It’s surprising that the prime minister and top BJP leadership seem unaware that the rising tide of hate speeches and demonitisation of the country’s 220 million-strong Muslim minority by BJP’s affiliated sangh parivar and hindutva fringe groups could derail the economy limping back to normalcy after two years of serious pandemic disruption. They need to bear in mind that in fiscal 2020-21, the country’s GDP contracted by an unprecedented 7.6 percent and despite a low base grew by 8.9 percent in 2021-22. Nor is a big bounce-back likely in the current year. The World Bank’s latest estimate forecasts 8 percent against its earlier forecast of 9.2 percent in 2022-23.
Despite this grim scenario, holy men in dharm sansads are openly threatening violence against Muslims, proscribing the hijab (headscarf) in classrooms, evicting Muslim vendors from temple premises and pressing for a ban on halal meat in Karnataka under the benevolent watch of the ruling BJP government at the Centre and in 12 states. Nor is blatant minorityism restricted to fringe Hindutva groups. In early April, the BJP government of Madhya Pradesh demolished shops and homes of Muslim youth who allegedly stone-pelted a procession during the Hindu festival of Ram Navami.
There’s no shortage of evidence that domestic and foreign investment flows dry up in conflict zones that suffer frequent law and order breakdown. Investment famines exacerbate unemployment, spur inflation, reduce government tax revenue flows, feed civil unrest and fan fires of violence. Neighbouring Pakistan which persecutes its Hindu, Shia and Baloch minorities, Sri Lanka which alienated its Tamil minority, Uganda which exiled its Asians in the 1970s, have all destroyed their economies by practicing crude majoritarianism.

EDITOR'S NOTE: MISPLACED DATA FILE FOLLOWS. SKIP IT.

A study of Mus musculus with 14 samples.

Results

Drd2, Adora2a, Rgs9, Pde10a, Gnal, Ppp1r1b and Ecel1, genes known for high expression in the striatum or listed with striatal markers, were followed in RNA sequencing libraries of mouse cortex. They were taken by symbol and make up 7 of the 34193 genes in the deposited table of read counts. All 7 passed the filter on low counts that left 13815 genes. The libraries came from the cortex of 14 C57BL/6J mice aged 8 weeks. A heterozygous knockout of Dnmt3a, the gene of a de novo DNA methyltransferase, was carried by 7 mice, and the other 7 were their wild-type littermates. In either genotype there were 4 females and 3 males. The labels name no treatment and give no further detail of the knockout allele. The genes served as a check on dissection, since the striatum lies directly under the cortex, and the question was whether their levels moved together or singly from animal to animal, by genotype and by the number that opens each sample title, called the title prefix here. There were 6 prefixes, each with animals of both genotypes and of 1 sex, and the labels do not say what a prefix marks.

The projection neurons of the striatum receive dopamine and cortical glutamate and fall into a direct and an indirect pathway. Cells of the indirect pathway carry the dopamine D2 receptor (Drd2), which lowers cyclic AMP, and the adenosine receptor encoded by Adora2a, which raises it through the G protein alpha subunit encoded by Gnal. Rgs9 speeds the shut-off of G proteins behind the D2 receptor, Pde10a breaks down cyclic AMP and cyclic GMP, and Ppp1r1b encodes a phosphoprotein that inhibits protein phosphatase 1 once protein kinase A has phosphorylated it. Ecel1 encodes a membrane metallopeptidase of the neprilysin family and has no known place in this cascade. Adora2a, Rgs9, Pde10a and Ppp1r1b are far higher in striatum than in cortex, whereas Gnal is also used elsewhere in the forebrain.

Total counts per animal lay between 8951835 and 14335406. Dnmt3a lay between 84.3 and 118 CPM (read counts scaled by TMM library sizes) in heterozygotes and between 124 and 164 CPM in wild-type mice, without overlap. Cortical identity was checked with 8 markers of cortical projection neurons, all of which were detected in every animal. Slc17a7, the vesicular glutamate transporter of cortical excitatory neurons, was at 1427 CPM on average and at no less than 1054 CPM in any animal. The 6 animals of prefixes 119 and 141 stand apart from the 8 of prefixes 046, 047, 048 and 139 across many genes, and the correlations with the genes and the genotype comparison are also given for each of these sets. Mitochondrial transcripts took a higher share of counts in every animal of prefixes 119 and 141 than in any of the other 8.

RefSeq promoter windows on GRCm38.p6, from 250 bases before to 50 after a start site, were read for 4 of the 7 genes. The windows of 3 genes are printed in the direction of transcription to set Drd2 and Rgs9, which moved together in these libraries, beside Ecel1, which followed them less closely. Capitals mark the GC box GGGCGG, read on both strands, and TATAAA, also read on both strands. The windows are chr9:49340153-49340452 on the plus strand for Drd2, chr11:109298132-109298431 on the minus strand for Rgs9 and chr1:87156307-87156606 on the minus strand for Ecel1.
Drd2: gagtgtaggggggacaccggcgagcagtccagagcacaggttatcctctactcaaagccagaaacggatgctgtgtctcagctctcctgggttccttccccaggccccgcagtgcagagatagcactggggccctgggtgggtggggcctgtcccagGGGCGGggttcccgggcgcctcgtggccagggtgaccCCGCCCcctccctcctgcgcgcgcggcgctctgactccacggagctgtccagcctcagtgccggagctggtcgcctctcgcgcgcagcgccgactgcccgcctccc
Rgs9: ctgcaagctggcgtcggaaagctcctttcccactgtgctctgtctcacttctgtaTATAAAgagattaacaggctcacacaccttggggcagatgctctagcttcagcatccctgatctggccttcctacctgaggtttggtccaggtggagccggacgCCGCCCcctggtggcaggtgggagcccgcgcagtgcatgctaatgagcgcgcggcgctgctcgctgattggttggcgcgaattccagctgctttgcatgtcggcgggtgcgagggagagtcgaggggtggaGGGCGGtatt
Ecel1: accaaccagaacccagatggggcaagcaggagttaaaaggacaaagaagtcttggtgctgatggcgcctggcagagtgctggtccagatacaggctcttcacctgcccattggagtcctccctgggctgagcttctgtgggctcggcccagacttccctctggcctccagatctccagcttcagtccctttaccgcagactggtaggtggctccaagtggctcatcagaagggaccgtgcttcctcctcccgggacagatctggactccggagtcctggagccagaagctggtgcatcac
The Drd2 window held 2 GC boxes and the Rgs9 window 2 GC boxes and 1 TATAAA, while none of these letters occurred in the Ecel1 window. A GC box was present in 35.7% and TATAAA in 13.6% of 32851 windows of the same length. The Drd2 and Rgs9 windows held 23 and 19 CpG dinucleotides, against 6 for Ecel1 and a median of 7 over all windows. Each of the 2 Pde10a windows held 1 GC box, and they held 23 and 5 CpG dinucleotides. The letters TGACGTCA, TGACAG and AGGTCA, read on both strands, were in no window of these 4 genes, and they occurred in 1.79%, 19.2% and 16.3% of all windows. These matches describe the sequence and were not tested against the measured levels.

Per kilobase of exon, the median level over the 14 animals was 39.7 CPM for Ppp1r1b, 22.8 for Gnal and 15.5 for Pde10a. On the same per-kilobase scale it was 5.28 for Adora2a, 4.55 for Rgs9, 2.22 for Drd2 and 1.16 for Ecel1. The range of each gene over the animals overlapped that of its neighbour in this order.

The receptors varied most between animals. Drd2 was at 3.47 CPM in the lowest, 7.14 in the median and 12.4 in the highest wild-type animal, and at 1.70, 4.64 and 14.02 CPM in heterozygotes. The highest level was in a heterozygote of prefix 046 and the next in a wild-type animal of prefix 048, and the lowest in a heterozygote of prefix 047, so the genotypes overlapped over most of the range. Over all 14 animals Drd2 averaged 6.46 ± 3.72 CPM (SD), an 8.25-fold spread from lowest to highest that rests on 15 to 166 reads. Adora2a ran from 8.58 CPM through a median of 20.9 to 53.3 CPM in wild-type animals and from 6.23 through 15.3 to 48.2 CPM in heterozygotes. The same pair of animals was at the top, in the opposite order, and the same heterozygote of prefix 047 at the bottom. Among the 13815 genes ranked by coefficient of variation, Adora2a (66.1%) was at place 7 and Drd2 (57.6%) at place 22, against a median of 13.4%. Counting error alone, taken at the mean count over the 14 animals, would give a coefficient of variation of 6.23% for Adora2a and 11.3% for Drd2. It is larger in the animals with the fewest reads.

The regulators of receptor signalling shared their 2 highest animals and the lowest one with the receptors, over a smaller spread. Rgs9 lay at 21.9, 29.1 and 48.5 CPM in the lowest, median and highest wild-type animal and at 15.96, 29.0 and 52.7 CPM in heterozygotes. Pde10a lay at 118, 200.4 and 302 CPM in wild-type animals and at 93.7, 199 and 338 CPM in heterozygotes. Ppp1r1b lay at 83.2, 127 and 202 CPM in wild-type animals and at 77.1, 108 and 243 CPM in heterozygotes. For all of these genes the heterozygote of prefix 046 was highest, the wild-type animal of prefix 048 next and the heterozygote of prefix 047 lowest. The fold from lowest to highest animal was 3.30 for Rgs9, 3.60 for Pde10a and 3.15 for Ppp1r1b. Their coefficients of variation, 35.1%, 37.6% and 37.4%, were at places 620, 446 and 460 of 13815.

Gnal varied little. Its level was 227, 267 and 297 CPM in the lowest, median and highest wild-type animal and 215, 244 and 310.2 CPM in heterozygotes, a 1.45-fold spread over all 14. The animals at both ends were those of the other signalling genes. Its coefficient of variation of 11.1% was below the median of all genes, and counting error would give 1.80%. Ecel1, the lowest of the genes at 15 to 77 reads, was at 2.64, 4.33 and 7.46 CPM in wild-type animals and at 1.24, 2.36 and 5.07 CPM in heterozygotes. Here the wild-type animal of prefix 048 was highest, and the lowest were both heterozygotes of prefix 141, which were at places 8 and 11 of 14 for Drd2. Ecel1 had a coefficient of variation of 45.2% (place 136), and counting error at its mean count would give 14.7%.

In the circumstances, the BJP leadership that is deaf to hate rhetoric and blind to vigilantism and violence against India’s Muslim and other minorities who are woefully underrepresented in legislatures, civil service, police, judiciary, and the professions, needs to disabuse itself of the notion that anti-minorityism will consolidate the Hindu vote behind it. The steady descent of Pakistan, Sri Lanka, Uganda among other nations into chaos and disorder should awaken it to the reality that peace, harmony and fraternity are the prerequisites of national socio-economic development.
In particular, it’s time for the prime minister Narendra Modi to speak up and crack down on Hindutva fringe groups brazenly indulging in anti-minority rhetoric and violence, to establish rule of law. The Constitution of India guarantees minority rights and several sections of the Indian Penal Code provide for punishment of individuals making incendiary speeches and perpetrating sectarian violence.
To stem India’s accelerating slide into majoritarian and anti-national communalism, hate-speech disseminators and vigilantes need to be speedily arrested, tried and sentenced under due process. An unambiguous message that India is a country ruled by law in which minority rights are respected, should come from the prime minister’s office.